Bocas del Toro
by Mike Press -- October 11th, 2008
After a quick continental breakfast we were on the road through rain to the Parque Natural Metropolitano. We drove past the tidal flats (17 foot tidal range on the Pacific side there in Panama City) and through the city to the park. Quite spectacularly, the park is an enormous swath of rainforest crowding the city. It was made a park in 1985 and has served particularly useful for research. Eventually we pulled up to the park gate to find….no one there to let us in.
“Dont panic” admonished Humberto, our fearless leader, “We just need to go find them.”
So we drove back to the Visitor´s center and the driver discussed the matter with the people there. Then we drove back to the gate and someone appeared out of the bushes to swing open the gate and permit us to continue the excursion. A short walk brought us to an ordinary construction crane 47 meters high…..lodged in the middle of the rain forest. Yours truly connected the cables to the personel box, and after the guide arrived, we crowded, six at a time, into the little cage and were hoisted 160 feet up into the canopy. We were rewarded with expansive views of the rain forest, Panama City, an iguana, a sloth, and termite nests. Then we waited, bored, while the other groups went.
Cheap lunch at Niko´s where those w/out spanish had some interesting experiences ordering in a very confusing restaurant, then off to the first ever airport to completely offset its carbon emissions from operations and all its flights. After customs searched every single bag, we waited a bit before packing into a little old plane which took us, bumping and diving, an hour´s ride to the Caribbean side of Panama and near the northern border where Bocas del Toro lies on Isla Colon just off the mainland. The descent proved rather painful on the ears, especially for those of us with severe congestion who thought our heads were going to explode at the pressure differential.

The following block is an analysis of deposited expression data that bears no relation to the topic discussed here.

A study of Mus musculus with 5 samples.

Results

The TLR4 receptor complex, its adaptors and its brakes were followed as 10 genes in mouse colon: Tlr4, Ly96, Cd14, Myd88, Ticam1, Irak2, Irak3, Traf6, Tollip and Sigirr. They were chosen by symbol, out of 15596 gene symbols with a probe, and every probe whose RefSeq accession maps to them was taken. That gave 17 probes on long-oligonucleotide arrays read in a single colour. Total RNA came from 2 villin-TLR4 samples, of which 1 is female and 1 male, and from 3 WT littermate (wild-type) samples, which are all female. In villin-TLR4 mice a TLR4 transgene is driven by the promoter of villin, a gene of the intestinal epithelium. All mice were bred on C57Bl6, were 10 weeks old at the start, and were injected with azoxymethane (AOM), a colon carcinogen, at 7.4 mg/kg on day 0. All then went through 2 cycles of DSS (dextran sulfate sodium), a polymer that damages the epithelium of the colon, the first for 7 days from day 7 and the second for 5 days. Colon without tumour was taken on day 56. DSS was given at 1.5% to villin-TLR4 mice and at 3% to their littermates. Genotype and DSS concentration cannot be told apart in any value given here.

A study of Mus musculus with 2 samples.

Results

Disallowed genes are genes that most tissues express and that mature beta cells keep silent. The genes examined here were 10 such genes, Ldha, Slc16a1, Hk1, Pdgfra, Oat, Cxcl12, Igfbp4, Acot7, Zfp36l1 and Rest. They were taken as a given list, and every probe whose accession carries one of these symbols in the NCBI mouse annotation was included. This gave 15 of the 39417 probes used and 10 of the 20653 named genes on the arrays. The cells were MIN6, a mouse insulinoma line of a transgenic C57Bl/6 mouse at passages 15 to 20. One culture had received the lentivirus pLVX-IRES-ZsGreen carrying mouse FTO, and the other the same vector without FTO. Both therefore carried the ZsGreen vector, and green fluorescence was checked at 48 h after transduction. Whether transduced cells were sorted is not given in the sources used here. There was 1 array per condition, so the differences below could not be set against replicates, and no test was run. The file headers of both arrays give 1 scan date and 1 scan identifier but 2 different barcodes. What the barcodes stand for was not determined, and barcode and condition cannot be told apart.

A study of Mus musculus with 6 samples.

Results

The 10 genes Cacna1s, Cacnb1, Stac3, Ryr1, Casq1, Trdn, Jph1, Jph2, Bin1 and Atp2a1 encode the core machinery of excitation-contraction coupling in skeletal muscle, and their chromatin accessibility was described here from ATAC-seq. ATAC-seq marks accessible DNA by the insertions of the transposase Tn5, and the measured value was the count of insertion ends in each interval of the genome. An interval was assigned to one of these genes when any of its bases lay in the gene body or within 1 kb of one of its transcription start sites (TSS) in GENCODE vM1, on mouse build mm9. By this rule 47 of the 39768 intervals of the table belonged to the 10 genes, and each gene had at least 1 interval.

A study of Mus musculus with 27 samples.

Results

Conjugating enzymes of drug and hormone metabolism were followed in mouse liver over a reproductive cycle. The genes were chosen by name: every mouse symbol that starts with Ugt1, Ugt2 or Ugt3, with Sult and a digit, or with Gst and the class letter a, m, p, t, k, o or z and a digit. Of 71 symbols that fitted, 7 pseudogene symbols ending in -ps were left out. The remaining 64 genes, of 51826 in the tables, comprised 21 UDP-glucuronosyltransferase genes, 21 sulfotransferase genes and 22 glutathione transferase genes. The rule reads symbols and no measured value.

5 minute ride through town got us to the Smithsonian Tropical Research Institute (STRI) by 5pm. The students have been installed in 4 dorm rooms with bunk beds (and so far as I know, no hot water) and the professors are languishing in a little cottage on the water (not sure if they have hot water, but probably). Took a quick tour of the facilities: great lab space, beautiful dock on the crystal clear water which stretches out towards the mountains of the mainland. There´s also a pond next to the lab where STRI keeps crocodiles as “pets.” Nothing like a pet that will eat your leg. Good thing they keep them enclose……oh wait they dont. Some nice ladies from a nearby hotel brought us dinner (rice, beans, salad, beef, fish, cake, and pineapple-cherry-red 40 ice cream).
The last course of business was to take a walk on the beach in search of our research subjects: crabs. We mounted headlamps on our domes and pranced about the sandy beach across the road, splashing in the water and catching ghost crabs, blue crabs, gecarcinus, and cardisoma. A few of the land crabs were laden with eggs which we brought back to the lab to examine under a microscope…almost hatched.
It´s really humid here but the scenery is gorgeous despite the cloudy day. We can hear the nightlife in town from a mile away where they are celebrating their Columbus Day Eve. Can´t wait for tomorrow morning´s snorkel on the reef.